In conjunction with its recent Rakuten earnings call this week, Rakuten Mobile disclosed some more of its plans. This mobile operator is becoming a telecom vendor. Specifically, it said that “by expanding the Rakuten Communications Platform (RCP) globally, Rakuten aims to evolve from a Japan-headquartered tech company to a global leader in telecom.” We see this as an explicit statement that the company plans to sell its telecom software and related services to operators worldwide. For instance, Rakuten Mobile just announced a partnership with Saudi-based operator, stc. This move pits Rakuten against Microsoft (who just acquired telecom companies and runs a cloud), Oracle (who runs a cloud and made telecom company acquisitions), and the rest of the telecom industry (traditionally Nokia, Ericsson, Huawei, ZTE, Amdocs, Netcracker and others).
In offering RCP to other operators around the world, its unique value, as we see it, is that Rakuten has successfully built an LTE and now a 5G network based on Open RAN. What we find interesting is that the company has developed a significant amount of intellectual property in-house or through technology sharing. In an interview today with Tareq Amin, Rakuten Mobile executive, we asked what technology has been developed in-house by Rakuten. Here’s what we learned.
Some other components are not developed by Rakuten (the radios come to mind), but this is an exciting development. RCP would be delivered as a “private cloud” on the premises of carrier customers (partners). The terminology Rakuten is using for this “private cloud,” is it’s a “pod.” RCP’s plans are a very interesting development in the industry.
There is one more thing. Rakuten said it is working with a technology supplier that will sell Rakuten a server card that would allow a combined router and RAN processing function to co-exist on a server. Today, the servers it uses to support its Open RAN radios use an FPGA NIC. These servers can support up to 16 base stations. We see the addition of routing to this card as an extension of the capability – but it means there may be a diminished need for cell site routers.
Ericsson Capital Markets Day Part Two:
Networks summary: When asked how it took market share (North American has 53% share 2Q20, up 5% vs 2018), management pointed to having made more significant R&D investments in radio than competitors. It cited Dynamic spectrum Sharing and its cost-efficient radio-related ASICs as examples of valuable features to customers.
The company expects O-RAN will continue to evolve, with limited uptake starting in 2023. Cited IPR challenges as one challenge. Elsewhere in the presentation, it said it is #1 contributor to 5G standards; we take it that this IPR gives Ericsson leverage to slow ‘O-RAN’ down.
The team said the split of Digital services for T4Q 3Q20 as (excluding IPR, consulting, and learning services):
• BSS 20%
• OSS 25%
• Comm services 15%
• Packet core 20%
• Cloud and NFV infra 10%
The Digital Services team has:
• addressed 37 of the 45 ‘critical and non-strategic’ projects
• revised its BSS strategy, and it is now 5G focused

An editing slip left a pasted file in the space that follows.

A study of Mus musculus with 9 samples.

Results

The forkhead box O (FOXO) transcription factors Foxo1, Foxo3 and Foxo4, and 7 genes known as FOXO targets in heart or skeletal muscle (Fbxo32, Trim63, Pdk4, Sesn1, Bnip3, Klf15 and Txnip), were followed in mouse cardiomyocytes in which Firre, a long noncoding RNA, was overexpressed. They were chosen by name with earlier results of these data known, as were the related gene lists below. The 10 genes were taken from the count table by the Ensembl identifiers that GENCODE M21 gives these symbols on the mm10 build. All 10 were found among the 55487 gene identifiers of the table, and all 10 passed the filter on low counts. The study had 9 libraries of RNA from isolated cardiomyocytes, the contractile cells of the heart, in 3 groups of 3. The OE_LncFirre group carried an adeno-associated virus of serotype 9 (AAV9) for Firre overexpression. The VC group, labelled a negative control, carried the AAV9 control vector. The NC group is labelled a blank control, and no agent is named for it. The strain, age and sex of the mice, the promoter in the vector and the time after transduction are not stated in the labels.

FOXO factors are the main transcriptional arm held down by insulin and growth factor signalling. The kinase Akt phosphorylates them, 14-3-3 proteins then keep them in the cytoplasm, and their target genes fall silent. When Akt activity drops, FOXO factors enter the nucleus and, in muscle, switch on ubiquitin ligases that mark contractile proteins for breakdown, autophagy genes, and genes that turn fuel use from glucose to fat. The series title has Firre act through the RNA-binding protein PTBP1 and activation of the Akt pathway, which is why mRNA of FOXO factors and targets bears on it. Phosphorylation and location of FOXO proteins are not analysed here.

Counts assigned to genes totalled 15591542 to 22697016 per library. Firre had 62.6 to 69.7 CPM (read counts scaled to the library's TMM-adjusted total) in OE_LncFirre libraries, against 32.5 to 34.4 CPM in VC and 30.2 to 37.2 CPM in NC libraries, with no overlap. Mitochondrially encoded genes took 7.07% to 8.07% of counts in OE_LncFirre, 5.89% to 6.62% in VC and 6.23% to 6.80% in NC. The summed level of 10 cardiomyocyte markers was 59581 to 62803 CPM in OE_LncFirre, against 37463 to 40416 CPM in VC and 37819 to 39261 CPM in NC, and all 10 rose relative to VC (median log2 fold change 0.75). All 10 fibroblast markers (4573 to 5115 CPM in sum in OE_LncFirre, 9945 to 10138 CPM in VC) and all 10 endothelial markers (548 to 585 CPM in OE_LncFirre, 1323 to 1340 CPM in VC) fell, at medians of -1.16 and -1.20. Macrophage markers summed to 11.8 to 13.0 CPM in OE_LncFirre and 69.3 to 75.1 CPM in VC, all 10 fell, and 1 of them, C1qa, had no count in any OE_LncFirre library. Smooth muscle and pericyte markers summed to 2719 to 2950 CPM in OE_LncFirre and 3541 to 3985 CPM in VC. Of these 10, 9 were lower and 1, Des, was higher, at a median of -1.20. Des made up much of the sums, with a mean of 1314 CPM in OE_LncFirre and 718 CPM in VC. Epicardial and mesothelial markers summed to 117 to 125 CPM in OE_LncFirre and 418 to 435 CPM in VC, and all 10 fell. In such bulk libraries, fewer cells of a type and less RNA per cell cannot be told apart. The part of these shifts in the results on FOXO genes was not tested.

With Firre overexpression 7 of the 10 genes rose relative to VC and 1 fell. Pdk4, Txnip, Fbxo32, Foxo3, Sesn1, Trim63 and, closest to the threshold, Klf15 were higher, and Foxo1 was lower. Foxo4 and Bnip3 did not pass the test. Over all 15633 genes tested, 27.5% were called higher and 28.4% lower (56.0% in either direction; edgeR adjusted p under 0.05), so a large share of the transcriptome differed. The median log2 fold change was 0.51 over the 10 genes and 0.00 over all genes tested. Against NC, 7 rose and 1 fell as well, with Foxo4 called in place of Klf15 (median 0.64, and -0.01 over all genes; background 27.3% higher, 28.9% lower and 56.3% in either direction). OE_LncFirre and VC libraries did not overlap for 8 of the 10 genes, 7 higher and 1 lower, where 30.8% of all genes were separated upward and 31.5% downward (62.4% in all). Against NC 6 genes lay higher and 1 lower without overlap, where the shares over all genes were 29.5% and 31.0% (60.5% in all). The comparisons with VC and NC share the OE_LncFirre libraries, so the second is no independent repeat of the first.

• 75% of its portfolio exposed to growth as of 3Q20 sales
• Cloud infrastructure has 200 customers
• 5G Cloud core has 80 customers (includes “5G” EPC and 5GC SA contracts). Packet core should grow faster than the others
• 5G SA count is now at 30. 5G SA revenues should begin in 2021 from most of these contracts.
• BSS has 120 contracts, 9 of which were competitor swap-outs
• Orchestration has 100 customers
Dig Services software + support in T4Q 3Q20 was about 55% of total revenues, and it expects 60% by 2022. It has about 40% recurring revenue T4Q 3Q20 and expects it to be about 55% by 2022. Expects Japanese and Korean operators to deploy SA by the end of 2021; expects Japanese 5G market to ramp very soon because it is a heavy user of iPhones. It expects 600K 5G base stations in China in 2020 and the same number in 2021.
Emerging Markets Summary:
Recently acquired Cradlepoint has > 60% GM and a recurring revenue SaaS model. 200K enterprises, 3,000 public agencies, 1,500 channel partners. It has won 30 dedicated network deals.
650 Group attended the company's recent showcase for investors. This blog will be a two part series.
In Summary: Management lowered Digital Services margin targets due to a revenue miss in 2020 as legacy systems dropped faster than expected, relative to what was communicated to investors a year ago. It expects to grow faster than the “>1% CAGR market forecast” set by industry analysts by taking share, expanding in the enterprise market, growing with IoT opportunity, and through M&A (like Cradlepoint).
We see that the company is betting on the enterprise market for growth, and our take on the implied message was Ericsson would make more acquisitions to beef up enterprise exposure. While the company was careful to repeat that it is working with SPs go to market, its recently acquired Cradlepoint acquisition has 1,500 channel partners (mostly not SPs).
• Margin targets for the Network group will remain the same in 2022 as in 2020 (by 1% higher than was communicated in 2019)
• Margin targets for Digital Services are 4-7% in 2022 vs. 10-12% as communicated in 2019 (lower because legacy is declining faster than expected and because it is increasing R&D commitment to greater levels)
• Margin targets for Managed Services are +1% versus year-ago targets
• Total margin targets are 12-14%, same as a year ago (on increased networks and Managed Services, offset by Digital Services.